When Sony lauched its new line of HDTVs in 2006, the Bravia, they attempted a new marketing strategy focusing on the boldness of the colors present in their new televisions. A series of ads were developed highlighting the broad color range, and comparing it to the vibrancy of color as it existed in real life. To this extent, the ads filmed extraordinary displays of real color, such as paint exploding from an apartment complex in Scotland. The third ad in this series was the most anticipated, and when revealed, proved to be the most dynamic. A lengthy stop motion clip in the busy streets of New York using in excess of 2,5 tonnes of plasticine. (Conversion factors?) The ad, however, would not achieve its full potential until it made the jump to the internet, where it saw a huge surge in popularity. I believe this was not only an intention of the Sony advertising firm, but also that this ad was specifically tailored to appeal to “viral” audience of the internet.
The “YouTube” generation has always been a step ahead of the game in terms of what the mass audience craves. These techno-viral guru’s cling to the unusual and unique with such fanaticism that has the power to determine the fate of a potential internet media user. This power is responsible for the longevity of such phenomena as the “Numa Numa Dance” or “LolCatz”. It is no wonder that these elusive pop culture representatives are the new demographic of many advertisers. But just as advertising has grown to a new target, their target has outgrown the ability to be manipulated. The viral metaphor becomes clear when we examine the numerous failed attempts to harness this untraceable power of cool. (See Sony’s “All I Want for Christmas is a PSP”)
Marketing firms are forever searching for the next way to latch on to this self-propagated advertising, and Sony may have finally found it; for now.
The ad which has achieved so much recognition is the third ad in a series celebrating HDTVs. This final ad was anticipated widely due to the successful use of a “hype” machine and when it finally arrived, viewers were amazed. This video uses an age old technique in an not so unordinary way to create a spectacle that can somehow still amaze. The trick is simple, but would only be effective in this time period.
In todays world of computer generated imaging we have seen many things that were thought impossible and shows like the one in this Sony ad have become commonplace. What creates the buzz for this ad, is the obvious push away from that semi-realism we have come to see as common. This ad was made entirely without the aid of computers. 40 animators labored for over three weeks to carefully compose what amounted to over 100,000 still images of rabbits taking over a busy New York intersection. There is a scale of accomplishment here that demands to be respected. And the people that consider themselves video gurus, took the bait instantly.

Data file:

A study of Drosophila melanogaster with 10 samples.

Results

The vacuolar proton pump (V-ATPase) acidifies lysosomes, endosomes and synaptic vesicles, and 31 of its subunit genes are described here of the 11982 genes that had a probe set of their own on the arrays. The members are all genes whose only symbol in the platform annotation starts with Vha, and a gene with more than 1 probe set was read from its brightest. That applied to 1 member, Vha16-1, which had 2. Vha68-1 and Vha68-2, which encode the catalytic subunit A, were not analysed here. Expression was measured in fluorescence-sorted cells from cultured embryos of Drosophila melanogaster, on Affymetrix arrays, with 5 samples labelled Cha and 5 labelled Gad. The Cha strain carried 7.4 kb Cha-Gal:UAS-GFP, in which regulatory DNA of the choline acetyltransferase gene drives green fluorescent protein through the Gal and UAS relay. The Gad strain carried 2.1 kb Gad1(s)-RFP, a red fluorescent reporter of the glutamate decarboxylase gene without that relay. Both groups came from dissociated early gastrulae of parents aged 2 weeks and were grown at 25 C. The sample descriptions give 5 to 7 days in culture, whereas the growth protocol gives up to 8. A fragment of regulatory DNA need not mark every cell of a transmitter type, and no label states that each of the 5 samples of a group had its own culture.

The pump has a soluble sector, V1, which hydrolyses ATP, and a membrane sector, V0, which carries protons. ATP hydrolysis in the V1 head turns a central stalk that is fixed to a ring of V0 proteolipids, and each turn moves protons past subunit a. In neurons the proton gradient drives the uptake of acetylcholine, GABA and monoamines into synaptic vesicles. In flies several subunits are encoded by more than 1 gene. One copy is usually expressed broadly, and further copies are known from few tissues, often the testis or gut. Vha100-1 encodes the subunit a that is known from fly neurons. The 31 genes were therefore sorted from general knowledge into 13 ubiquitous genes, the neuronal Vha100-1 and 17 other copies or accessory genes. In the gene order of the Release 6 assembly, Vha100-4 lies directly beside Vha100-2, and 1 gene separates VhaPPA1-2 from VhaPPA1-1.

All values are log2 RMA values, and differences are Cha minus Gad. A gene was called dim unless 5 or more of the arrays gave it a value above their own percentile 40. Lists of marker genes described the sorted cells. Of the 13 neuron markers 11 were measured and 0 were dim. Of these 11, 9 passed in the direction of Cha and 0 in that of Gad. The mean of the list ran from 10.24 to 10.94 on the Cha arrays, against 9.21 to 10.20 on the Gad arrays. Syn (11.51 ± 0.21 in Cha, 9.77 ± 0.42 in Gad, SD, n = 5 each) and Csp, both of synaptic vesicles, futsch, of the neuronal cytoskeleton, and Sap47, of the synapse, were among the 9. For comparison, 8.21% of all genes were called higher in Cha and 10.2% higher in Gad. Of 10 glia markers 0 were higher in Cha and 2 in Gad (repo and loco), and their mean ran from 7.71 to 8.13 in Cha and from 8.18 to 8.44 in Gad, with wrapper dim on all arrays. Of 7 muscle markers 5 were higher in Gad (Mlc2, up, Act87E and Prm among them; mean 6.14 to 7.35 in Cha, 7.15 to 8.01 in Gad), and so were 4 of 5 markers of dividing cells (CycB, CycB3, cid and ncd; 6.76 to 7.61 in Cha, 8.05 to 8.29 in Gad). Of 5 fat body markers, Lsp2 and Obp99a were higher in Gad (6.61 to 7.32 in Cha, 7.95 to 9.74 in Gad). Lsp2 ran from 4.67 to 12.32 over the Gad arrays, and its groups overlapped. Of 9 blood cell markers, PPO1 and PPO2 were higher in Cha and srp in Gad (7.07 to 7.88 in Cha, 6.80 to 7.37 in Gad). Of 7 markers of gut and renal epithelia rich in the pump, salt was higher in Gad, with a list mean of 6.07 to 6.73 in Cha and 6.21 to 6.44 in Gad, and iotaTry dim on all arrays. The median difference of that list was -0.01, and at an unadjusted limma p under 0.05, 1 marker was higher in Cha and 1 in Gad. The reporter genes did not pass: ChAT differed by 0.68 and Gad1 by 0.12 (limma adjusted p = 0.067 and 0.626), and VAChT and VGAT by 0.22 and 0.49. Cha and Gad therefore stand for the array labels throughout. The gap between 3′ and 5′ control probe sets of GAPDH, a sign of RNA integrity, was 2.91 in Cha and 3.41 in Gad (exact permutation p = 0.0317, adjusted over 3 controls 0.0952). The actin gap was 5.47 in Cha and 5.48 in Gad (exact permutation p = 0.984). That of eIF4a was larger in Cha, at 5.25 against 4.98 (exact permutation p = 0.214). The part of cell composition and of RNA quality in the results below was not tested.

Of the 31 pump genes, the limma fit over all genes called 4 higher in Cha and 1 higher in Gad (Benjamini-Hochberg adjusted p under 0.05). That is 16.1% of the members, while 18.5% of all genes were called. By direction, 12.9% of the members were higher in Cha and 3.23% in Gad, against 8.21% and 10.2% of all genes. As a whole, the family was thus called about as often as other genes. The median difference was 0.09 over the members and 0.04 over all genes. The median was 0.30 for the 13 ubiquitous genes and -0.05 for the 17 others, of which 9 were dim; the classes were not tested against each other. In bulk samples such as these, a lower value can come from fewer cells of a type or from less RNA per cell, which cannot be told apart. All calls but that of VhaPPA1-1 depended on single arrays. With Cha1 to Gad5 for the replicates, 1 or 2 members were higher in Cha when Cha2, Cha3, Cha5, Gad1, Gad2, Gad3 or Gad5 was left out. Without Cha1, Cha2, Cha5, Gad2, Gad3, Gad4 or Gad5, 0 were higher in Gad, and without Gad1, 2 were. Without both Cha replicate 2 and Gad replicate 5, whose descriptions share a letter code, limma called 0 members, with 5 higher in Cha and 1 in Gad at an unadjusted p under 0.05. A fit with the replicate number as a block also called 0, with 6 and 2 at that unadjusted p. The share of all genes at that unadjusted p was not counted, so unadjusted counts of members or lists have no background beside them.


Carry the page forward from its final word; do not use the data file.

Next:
The content of the advertisement is simple, non-informative, and curiosity inspiring. Almost begging the viewer to learn more.(That in fact was what led me to choose this ad.) And at a length of just over a minute, this video seems to be almost made for the internet. In addition, one only has to search once to find the plethora of additional material made for this hype. A sneak trailer was released on YouTube before the video came out, and following it’s release, a documentary on the creation was released. All these “bonus goodies” reward the curious viewer and inspire the thought that their curiosity would only be more rewarded by further investigation and eventual purchase.
An ad with an almost identical strategy is the Honda “Cog” ad of 2004. In this ad, engineers laboriously dismantled two full Honda Accord hatchbacks and built a fully functioning “Rube Goldberg” machine which moves precariously through incredibly feats of precision to finally unveil a still-assembled Accord at the end. Clocking in a two whole minutes, there is no doubt this ad saw little air time and built hype off of curiosity. Like the Sony Ad, this ad has no information apart from the title at the end, and a limited soundtrack. This ad was also released with a “making-of” featurette. This ad also commanded the respect of the viral audience with it’s authenticity. In 606 takes, the full machine only functioned fully once. When this ad was presented to the executives at Honda they remarked as to the technical proficiency of computer graphics and were floored when the were told the ad was real.1
The real success of these ads comes from the fact that they are not trying to fool an audience. Something new in the relatively one-dimensional “viral marketing” model--which previously focused on subversively incorporating “cool” product placement--the usually intelligent online community responded in kind. By presenting television viewers with something more entertaining than persuasive, and rewarding consumers for their curiosity with online goodies, the companies set a good model for themselves; and by demanding the respect of the online “powers-that-be” with honest technical prowess, these firms have earned themselves a veritable boatload of free publicity through the wonder of online communities. Although these ads are slightly dated, the seem to represent a new, more frank direction in the seedy world of viral marketing.